Double or right-click a file in Explorer and it’s not always obvious what’s going to happen. You might find context menu entries for all kinds of long-forgotten applications, and Windows provides no obvious way to clean up.
Context Menu Manager is a free (well, ad-sponsored) portable program to help you browse your current file associations, view their context menus, clean up broken entries, and maybe add a few new right-click options to get your system working better.
At first glance this looks like a dubious download, thanks to a developer using free hosting sites only and ad-packed download pages. But Context Menu Manager has been around for years, and there’s no payload here, no installation required at all (we checked at VirusTotal anyway and it scored 0/55).
The interface is cluttered, with an animated ad in the middle of the toolbar, assorted icons and buttons dotted around, and a status bar with some strange system information (our desktop had a “Power” rating of 255%, apparently).
The “File Association Manager” provides plenty of control over your associations. We chose “.docx” in the Extension List and saw the file type, name, caption, icon, and each context menu entry with its caption, name and command. Just about everything can be edited, replaced, or removed entirely, and there are some useful general options as well (clicking “Find Appropriate Program” opens a web page showing programs which can handle that file type).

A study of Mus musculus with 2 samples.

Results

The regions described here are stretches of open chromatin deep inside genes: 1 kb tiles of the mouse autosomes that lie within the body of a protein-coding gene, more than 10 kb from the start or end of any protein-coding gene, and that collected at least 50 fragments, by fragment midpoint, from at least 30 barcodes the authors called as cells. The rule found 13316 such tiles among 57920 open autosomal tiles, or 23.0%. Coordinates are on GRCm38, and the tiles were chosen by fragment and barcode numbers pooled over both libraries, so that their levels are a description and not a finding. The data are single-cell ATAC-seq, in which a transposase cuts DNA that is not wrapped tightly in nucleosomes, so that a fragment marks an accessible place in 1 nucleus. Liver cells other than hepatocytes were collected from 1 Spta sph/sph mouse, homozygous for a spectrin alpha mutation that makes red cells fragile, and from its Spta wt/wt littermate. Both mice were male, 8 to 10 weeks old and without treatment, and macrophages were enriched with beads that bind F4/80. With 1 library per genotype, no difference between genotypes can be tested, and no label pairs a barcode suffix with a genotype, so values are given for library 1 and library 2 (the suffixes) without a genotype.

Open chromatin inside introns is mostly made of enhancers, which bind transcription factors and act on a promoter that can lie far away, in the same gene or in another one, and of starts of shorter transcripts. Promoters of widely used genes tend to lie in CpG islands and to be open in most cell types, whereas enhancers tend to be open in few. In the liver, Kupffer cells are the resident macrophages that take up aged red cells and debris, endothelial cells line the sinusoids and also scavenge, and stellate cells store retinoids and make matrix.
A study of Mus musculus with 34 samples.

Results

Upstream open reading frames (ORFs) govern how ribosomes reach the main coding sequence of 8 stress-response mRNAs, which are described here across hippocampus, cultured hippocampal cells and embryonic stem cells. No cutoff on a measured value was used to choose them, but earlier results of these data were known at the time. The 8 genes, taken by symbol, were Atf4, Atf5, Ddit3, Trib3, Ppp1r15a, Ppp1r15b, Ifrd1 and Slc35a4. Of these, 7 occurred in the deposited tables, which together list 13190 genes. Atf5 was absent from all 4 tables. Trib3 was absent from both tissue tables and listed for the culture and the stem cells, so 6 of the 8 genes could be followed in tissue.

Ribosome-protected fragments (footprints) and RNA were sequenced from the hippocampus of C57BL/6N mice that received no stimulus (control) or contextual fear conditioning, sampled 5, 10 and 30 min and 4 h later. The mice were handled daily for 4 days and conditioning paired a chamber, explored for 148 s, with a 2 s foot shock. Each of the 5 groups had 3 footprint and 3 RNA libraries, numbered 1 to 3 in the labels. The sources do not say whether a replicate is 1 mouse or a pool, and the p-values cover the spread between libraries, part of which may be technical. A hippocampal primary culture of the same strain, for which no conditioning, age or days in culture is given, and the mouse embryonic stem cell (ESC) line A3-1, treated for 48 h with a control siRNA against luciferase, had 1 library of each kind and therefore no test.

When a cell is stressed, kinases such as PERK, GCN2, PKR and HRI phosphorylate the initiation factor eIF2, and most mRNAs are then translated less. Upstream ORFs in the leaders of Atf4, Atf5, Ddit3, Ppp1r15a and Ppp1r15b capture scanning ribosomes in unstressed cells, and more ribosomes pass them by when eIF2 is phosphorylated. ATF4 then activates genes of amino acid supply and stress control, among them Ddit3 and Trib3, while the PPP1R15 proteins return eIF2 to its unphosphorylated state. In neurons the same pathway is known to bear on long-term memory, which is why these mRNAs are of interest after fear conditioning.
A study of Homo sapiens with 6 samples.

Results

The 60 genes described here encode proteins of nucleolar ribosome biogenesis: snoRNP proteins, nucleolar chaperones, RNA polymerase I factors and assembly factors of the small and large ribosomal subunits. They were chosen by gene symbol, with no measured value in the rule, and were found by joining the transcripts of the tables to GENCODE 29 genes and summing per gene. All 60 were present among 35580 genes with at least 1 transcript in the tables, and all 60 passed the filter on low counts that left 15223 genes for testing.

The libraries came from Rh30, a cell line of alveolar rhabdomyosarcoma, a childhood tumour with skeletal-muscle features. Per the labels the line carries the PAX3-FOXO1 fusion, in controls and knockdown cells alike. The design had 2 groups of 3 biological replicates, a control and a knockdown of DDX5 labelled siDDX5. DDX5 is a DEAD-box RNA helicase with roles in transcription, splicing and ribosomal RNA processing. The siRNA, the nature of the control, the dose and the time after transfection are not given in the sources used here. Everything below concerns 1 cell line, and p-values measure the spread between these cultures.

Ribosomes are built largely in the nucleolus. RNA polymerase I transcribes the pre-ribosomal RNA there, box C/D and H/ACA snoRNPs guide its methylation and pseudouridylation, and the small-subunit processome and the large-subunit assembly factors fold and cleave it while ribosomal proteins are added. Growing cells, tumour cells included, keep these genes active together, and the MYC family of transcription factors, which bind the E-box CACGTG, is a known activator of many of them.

If you’re more interested in finding and fixing problems then a Context Menu Cleaner will scan your chosen menus to uncover and remove broken menu options.
Context Menu Manager also supports various ways to customise your right-click menus with useful options. You might extend the My Computer context menu with items to launch various system tools, restart Explorer, maybe restart your entire PC after a defined time. You can enable the Copy To or Move To functions, add entries to register/ unregister DLLs, launch programs with higher priorities, perhaps create a list based on the contents of a folder.
This isn’t always easy to use. The File Association Manager needs a good understanding of the low-level file association fundamentals, for instance. The interface is unclear in several places, and there is no documentation to walk you through the tricky bits.
The system tweaking parts are straightforward, though – check some boxes, click “Apply” – and overall Context Menu Manager has plenty to explore. Just be careful: create a system restore point before you start, so that it’s easy to revert any changes later.